U.S. States Where Coronavirus Cases Are Rising Fastest

New cases of the novel coronavirus in the U.S. continue to soar, approaching 4.3 million, as of Tuesday. Mississippi, Missouri, Alaska, Oklahoma and Tennessee are among the states where new infections have been rising the fastest in the country, according to data compiled by Johns Hopkins University.

As of Tuesday, Mississippi, Missouri, Alaska, Oklahoma and Tennessee are the top five states that have seen the largest upward trend of new cases over the past two weeks, based on the three-day rolling average of daily new cases per 100,000 people, according to the latest report Tuesday by the university.

Here we take a closer look at these states and their worst-hit local areas. Case data below is from Johns Hopkins University, unless otherwise stated.

Mississippi

The three-day rolling average of daily new cases in Mississippi has been mostly increasing on a sharp incline over roughly the past two weeks. It rose from 707.67 on July 13 and peaked at 1,478 on July 21, before dropping to 1,065.33 on July 26, according to the report.

The state's worst-hit county is Hinds County, home to Jackson (the state capital and most populous city), with 4,642 cases.

Mississippi's stay-at-home order ended on June 1, after which all businesses were allowed to reopen with strict guidelines in place. Restaurants, gyms, barbershops, and salons were reopened in May with limitations.

Earlier this month, Mississippi Gov. Tate Reeves announced a pause on all efforts to reopen the economy following the recent surge in new cases.

Missouri

Missouri's three-day rolling average of daily new cases has mostly increased over the past two weeks. It spiked from 544.67 on July 13 to 1,284.67 on July 26. The figure peaked at 1,512 new cases on July 24, according to Johns Hopkins University's report.

St. Louis County has the most cases, with 11,152 confirmed infections, according to the latest report Tuesday by Missouri's state health department.

Missouri's stay-at-home order was issued back in April. The state entered phase two of reopening on June 16. "During Phase 2, there will be no statewide health order. All statewide restrictions will be lifted, though local officials will still have the authority to put further rules, regulations, or ordinances in place," the office of Missouri Gov. Michael L. Parson confirmed in a statement.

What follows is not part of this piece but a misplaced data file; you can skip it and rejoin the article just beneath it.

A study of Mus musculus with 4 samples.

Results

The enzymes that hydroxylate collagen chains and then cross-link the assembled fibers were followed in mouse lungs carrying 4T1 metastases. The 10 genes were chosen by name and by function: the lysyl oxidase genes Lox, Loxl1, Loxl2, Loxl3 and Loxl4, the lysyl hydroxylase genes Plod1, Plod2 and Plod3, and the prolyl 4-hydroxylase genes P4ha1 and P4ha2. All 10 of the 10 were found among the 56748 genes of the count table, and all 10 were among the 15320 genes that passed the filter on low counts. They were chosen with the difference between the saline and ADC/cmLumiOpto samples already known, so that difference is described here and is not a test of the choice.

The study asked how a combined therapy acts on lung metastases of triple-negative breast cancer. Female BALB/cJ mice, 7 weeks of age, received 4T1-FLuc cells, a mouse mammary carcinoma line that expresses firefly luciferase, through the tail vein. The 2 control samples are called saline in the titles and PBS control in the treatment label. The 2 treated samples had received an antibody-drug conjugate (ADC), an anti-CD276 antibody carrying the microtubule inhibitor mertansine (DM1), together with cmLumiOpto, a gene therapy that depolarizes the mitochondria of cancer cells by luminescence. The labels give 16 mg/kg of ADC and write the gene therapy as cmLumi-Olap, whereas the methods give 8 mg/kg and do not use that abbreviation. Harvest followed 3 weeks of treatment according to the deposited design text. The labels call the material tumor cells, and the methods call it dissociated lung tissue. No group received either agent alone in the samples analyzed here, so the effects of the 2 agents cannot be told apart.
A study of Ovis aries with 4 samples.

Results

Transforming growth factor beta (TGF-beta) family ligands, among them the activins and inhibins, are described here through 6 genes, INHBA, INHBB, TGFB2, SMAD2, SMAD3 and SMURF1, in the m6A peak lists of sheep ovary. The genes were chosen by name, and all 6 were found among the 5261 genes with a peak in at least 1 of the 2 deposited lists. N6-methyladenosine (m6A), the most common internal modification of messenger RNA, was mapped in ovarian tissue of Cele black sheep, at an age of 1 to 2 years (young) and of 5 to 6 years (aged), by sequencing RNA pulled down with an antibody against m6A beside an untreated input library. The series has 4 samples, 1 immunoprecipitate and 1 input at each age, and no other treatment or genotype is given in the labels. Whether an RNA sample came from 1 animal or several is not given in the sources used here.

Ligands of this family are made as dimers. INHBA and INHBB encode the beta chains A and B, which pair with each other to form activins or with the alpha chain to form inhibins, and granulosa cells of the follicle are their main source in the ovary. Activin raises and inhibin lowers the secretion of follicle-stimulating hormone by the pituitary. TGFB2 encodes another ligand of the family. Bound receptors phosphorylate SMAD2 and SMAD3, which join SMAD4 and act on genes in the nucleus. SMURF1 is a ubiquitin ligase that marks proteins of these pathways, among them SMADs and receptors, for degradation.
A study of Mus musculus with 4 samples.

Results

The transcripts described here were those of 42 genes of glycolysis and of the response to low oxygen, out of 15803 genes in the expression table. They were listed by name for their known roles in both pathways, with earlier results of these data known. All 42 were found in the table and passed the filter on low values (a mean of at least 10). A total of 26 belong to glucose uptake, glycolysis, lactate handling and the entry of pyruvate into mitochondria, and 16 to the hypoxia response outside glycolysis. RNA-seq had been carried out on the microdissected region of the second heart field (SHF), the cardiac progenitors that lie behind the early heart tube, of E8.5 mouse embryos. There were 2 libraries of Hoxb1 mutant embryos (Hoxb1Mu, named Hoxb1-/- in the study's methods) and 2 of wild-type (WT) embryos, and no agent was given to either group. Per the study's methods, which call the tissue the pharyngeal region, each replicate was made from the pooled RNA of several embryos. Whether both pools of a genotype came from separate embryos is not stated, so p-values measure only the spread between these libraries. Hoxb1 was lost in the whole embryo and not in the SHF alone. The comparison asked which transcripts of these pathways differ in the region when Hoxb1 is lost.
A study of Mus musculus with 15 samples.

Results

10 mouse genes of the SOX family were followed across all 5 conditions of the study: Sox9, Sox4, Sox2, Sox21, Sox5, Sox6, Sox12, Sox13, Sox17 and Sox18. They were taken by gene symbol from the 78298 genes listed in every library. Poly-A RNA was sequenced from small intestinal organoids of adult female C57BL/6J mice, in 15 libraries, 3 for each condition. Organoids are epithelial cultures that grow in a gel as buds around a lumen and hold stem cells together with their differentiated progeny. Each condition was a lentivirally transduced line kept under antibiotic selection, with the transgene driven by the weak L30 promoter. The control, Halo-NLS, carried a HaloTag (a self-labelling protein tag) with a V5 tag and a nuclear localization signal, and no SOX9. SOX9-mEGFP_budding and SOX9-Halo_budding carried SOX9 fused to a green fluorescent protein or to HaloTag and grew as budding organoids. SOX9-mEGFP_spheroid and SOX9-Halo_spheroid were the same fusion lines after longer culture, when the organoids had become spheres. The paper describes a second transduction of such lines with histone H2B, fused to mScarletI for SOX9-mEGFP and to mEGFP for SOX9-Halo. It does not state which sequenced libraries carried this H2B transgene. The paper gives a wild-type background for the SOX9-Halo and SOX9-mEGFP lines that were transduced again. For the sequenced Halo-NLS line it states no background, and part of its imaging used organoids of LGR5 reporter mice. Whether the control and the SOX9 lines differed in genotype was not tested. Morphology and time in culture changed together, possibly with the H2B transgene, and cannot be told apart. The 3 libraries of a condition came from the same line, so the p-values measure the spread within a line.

Alaska

The three-day rolling average of daily new cases in Alaska rose on a steep upward trend over the past 14 days, with 64.67 reported on July 13 and peaking to 125 on July 26, according to the latest report Tuesday by Johns Hopkins University.

The municipality of Anchorage is the worst-hit local area of the state, which has 1,402 total confirmed cases to date, according to the latest figures reported by Johns Hopkins University.

Alaska issued a series of health mandates in a bid to reduce the spread of infection. The state began its fourth phase of reopening on May 22, which saw all businesses, recreational and sports activities, houses of worship, libraries and museums, resume operations.

Oklahoma

Oklahoma's three-day rolling average of daily new cases has been mostly rising over the past two weeks, spiking from 653.67 on July 13 to a peak of 1,190 on July 26. The figure dipped from July 15 before seeing a dramatic increase from 423 new cases on July 20 to 1,190 on July 26, according to the latest report Tuesday from the university.

Oklahoma County, home to the state capital of Oklahoma City, is the worst-hit county, with 8,019 confirmed cases, followed by Tulsa County, with 7,912 cases to date, according to the latest figures from the Oklahoma State Department of Health.

Oklahoma's stay-at-home order was extended to May 6 but some businesses were allowed to reopen from April 24 with restrictions, including dining and entertainment venues and personal care services. Earlier this month, the city council for Oklahoma City issued a mandatory mask ordinance, which is in effect until September 8.

Tulsa Oklahoma, Trump rally June 2020
Supporters of U.S. President Donald Trump at a campaign rally at the BOK Center, June 20, 2020 in Tulsa, Oklahoma. Getty Images

Tennessee

Tennessee's three-day rolling average of daily new cases has seen several spikes over the past two weeks. The average rose from 1,927.33 on July 13 and peaked at 2,470 on July 26, according to the latest report Tuesday from the university.

Shelby County is the state's worst-hit region, with 18,654 confirmed cases, followed by Davidson County, which has 18,136 cases to date, according to the latest figures from the university.

Most businesses in Tennessee reopened from May 1 when the stay-at-home order was lifted. Tennessee Gov. Bill Lee noted: "These businesses will open according to specific guidance that we will provide in accordance with state and national experts in both medicine and business."

Over 16.5 million people across the globe have been infected since the virus was first reported in Wuhan, China, including over 4.2 million in the U.S. More than 9.6 million globally have reportedly recovered from infection, while over 654,800 have died, as of Tuesday, according to the latest figures from Johns Hopkins University.

The graphics below, provided by Statista, illustrate the spread of COVID-19 cases in the U.S.